Jeff Fiedler Interview
Jeff Fiedler has been the director of The Cavaliers in Rosemont, IL, since September of 1990. Recently, he assumed the position fulltime. Fiedler is a leader in drum corps as the chairman of the DCInternational board of directors. He is a graduate of the prestigious Northwestern University School of Journalism.
Few corps have explored as many various music genres as the Cavies. I recall fondly "Bully" in 1969, later "Semper Paratus," the U.S. Coast Guard anthem, and enjoyed Holst’s "The Planets" series in the nineties. The "Green Machine" was founded in 1948 by fellow DCI Hall of Famer Donald Warren, known in the beginning as Boy Scout Troop 111 Drum & Bugle Corps. Warren, the Cavaliers’ president, was in the original Hall of Fame induction class, while Fiedler joined later. "Splooie" is unique to the Cavs.
I’ve had numerous occasions to chat with Fiedler but rarely in an extended conversation. During the DCI January meeting in Atlanta, we had an opportunity for this interview. Fiedler was vibrant as he emoted about last year, the future and the Cavaliers’ plans.
CB: Talk to our readers about The Cavaliers last year.
JF: It was probably the most difficult because of what we were presenting. The concept was so strong and so visual that it required us to attempt more layering than we’ve attempted before. The concept required us to be more diligent. June was very much a work in progress, unusually, in a "we are cleaning, but we are adding to it" (mode).
CB: What do you have planned for the 2007 Cavaliers?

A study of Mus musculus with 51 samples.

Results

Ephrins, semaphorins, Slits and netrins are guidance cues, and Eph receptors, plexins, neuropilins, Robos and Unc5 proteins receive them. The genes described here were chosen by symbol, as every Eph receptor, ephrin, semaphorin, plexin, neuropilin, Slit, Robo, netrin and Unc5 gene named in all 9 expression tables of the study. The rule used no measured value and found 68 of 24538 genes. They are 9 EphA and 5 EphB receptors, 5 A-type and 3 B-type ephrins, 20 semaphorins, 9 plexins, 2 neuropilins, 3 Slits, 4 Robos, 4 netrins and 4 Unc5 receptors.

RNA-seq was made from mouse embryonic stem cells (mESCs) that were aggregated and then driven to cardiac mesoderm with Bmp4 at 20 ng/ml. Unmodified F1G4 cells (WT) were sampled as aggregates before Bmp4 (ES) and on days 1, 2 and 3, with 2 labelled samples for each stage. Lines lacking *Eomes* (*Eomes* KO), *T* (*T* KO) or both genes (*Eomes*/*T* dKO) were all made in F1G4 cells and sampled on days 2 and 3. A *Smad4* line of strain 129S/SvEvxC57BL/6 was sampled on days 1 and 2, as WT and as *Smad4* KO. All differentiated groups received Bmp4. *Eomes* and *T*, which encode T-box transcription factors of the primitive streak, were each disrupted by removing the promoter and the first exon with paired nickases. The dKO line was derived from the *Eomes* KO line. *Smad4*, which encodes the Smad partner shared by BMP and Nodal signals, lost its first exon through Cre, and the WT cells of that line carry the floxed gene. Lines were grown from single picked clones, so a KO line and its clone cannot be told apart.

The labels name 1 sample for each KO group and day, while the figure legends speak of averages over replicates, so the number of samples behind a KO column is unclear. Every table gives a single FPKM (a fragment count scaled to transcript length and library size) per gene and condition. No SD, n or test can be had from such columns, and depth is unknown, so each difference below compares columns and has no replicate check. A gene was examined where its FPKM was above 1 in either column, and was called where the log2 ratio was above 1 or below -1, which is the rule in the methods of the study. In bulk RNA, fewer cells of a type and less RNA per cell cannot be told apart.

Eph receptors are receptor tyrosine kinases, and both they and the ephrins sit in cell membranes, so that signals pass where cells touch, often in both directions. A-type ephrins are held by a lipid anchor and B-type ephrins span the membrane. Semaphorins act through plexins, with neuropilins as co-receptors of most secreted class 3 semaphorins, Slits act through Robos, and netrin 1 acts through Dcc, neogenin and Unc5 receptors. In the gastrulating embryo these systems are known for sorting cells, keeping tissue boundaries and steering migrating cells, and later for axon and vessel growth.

JF: I think in a couple of ways we’re…This will not be a Cavaliers’ presentation that people may have an expectation of. Because of that, we are doing music of one of the best composers of the last 40 years — melodic lines.
Among people who want to shut their eyes and hear, they can relate to the music in a more immediate fashion. They will be able to access our presentation more quickly because it’s Billy Joel.
CB: What do you think about some of the rules proposals being considered?
JF: This is not a stagnant activity. Some of this evolution is obvious and some is harder to discern. We are evolving into more system changes.
Today, they may not necessarily pass, but the activity on the field might need all of us to look at a new way to adjudicate. We have a 21st Century activity being judged by a 20th Century system.
People get annoyed with proposals. This is a constantly changing activity. Different things are happening in music, in media, and we have to react to that. You may not agree with that.
CB: What would you like to add?
JF: Over 7,000 kids auditioned for Division I corps, 7,500 with Division II/III, and we only have room for 3,800 – 3,900 available.